December 07, 2011 12:00AM
Pittsburg State University will have an unusually high profile this weekend when thousands of representatives from colleges and universities gather in Chicago for the Higher Learning Commission of the North Central Association annual conference. Officials said this week that Pittsburg State will be represented in no fewer than seven presentations that will highlight the university's role as a "pioneer" in a new approach to accreditation.
The HLC accredits about 1,100 degree-granting post-secondary educational institutions in the North Central region of the U.S. In 2010, PSU was one of a handful of institutions selected by the HLC to help lead the way in a very different approach to accreditation.
"The commission was looking for institutions that were mature and stable," said PSU Provost Lynette Olson. "It really is quite an honor," Olson said.
Jan Smith, a professor of Psychology and Counseling and special assistant to the provost for HLC accreditation, said that although being a pioneering institution in change this sweeping involves considerable effort, it was something important for Pittsburg State to do.
"We liked where they were going and we wanted to be part of it," Smith said. "Also, in testing the new model, we get to have input."
Smith explained that the traditional approach to accreditation is based on an exhaustive self study followed by a site visit.
Bob Wilkinson, director of analysis, planning and assessment, said those self studies can take two to three years to complete and often run hundreds of pages. PSU completed its most recent self study in 2003, for which it received the maximum 10-year accreditation from the HLC.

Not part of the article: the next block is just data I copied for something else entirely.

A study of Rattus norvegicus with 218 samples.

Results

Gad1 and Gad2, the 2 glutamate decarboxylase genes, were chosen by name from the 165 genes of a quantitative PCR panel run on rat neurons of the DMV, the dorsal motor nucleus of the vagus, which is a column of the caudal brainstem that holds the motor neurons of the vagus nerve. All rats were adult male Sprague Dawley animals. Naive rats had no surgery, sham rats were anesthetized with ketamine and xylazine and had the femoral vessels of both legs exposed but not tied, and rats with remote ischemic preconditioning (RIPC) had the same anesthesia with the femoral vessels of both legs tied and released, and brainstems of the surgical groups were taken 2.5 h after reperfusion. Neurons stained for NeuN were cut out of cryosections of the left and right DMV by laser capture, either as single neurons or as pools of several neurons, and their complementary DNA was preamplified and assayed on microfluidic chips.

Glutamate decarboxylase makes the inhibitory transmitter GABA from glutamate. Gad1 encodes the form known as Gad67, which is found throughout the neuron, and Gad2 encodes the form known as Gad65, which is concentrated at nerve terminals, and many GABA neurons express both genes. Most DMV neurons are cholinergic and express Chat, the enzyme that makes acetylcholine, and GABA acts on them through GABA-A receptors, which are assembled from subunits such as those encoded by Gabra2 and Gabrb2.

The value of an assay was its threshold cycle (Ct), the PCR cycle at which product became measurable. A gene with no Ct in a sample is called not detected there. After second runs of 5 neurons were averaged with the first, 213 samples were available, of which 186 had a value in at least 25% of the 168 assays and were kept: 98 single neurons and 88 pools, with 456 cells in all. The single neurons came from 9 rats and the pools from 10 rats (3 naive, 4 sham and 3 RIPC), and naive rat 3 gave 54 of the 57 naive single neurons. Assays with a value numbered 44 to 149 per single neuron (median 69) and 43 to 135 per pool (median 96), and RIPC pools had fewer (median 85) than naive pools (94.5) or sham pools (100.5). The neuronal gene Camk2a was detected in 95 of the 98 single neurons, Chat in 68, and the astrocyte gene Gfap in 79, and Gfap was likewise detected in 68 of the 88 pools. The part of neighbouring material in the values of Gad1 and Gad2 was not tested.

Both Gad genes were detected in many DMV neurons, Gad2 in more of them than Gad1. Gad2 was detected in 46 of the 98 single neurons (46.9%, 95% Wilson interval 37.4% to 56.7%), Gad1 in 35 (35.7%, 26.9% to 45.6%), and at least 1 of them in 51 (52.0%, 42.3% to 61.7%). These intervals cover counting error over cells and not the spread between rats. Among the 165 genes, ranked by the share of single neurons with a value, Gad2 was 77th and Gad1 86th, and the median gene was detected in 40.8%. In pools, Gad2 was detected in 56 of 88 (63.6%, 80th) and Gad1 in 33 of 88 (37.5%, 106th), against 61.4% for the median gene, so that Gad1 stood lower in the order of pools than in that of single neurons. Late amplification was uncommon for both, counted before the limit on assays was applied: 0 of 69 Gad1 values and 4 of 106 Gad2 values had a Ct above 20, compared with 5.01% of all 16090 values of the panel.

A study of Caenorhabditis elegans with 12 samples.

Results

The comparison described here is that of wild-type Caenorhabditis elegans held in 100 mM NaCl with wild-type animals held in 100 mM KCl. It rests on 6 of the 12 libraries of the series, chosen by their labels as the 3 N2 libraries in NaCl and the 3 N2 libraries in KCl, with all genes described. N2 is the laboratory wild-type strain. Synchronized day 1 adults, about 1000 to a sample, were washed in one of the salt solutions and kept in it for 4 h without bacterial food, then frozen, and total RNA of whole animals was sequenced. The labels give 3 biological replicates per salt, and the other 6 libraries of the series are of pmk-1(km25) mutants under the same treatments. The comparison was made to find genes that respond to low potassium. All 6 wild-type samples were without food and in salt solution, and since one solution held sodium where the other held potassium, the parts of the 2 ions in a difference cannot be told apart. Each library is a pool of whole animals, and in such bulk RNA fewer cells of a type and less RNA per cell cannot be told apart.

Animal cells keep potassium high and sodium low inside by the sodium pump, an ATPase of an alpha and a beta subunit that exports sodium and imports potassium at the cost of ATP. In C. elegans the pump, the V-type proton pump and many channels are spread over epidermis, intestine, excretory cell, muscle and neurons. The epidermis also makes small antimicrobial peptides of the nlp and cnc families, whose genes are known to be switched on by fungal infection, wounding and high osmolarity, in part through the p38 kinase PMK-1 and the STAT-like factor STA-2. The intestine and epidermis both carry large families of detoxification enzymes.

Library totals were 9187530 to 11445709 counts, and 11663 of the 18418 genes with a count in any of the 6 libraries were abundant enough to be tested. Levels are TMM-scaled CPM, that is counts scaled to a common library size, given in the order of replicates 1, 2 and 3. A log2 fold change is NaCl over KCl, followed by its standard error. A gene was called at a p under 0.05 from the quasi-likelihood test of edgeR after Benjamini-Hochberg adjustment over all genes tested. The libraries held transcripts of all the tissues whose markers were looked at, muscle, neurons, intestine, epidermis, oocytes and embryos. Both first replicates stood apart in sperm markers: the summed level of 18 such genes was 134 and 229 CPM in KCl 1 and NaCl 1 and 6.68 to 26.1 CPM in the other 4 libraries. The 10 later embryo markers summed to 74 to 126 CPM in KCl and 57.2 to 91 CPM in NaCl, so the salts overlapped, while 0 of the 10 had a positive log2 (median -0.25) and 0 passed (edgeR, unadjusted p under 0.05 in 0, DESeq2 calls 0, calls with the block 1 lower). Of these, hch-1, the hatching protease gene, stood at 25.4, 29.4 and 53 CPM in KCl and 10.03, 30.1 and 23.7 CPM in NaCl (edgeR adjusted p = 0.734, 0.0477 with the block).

The new model, which PSU is helping to pioneer, includes an "assurance" component, which is a much briefer document than the traditional self study. The new part of the accreditation process and the one that seems to get educators really excited is a component that focuses on an improvement "Pathway."
"The old approach uses a lot of resources to look backward and document what the institution has already accomplished," said PSU President Steve Scott. "One of the attractive things about this new model is that while it uses the data to document that the university has lived up to the standards set by the Higher Learning Commission, it then looks forward and directs the university's efforts toward doing meaningful work for the institution and its students."
PSU's Pathway zeros in on student learning. One of the university's goals in the new process is to assess the general education core, which includes writing, math and communication. A second goal is to begin assessment of co-curricular learning, which is generally defined as student learning that takes place outside the classroom.
An HLC Accreditation Leadership Team is guiding the effort, Smith said, and broad-based committees across campus have done the early work. The team will host a series of brown bag sessions over the coming months to talk about specifics, including writing and math, communication, co-curricular learing and the use of e-portfolios.
"The Pathways Model is an ongoing process," Wilkinson said. "One of the things the HLC is interested in is how we sustain this over time."
At a recent meeting with faculty and staff, Provost Olson said the work goes beyond reaccreditation, which is required for any university to operate.
"It is ultimately about student learning," Olson said. "As an institution, we do care deeply about student learning. This is a rare opportunity for PSU to be a leader in a process that not only helps us improve student learning, but also has the potential to radically change university accreditation across the region."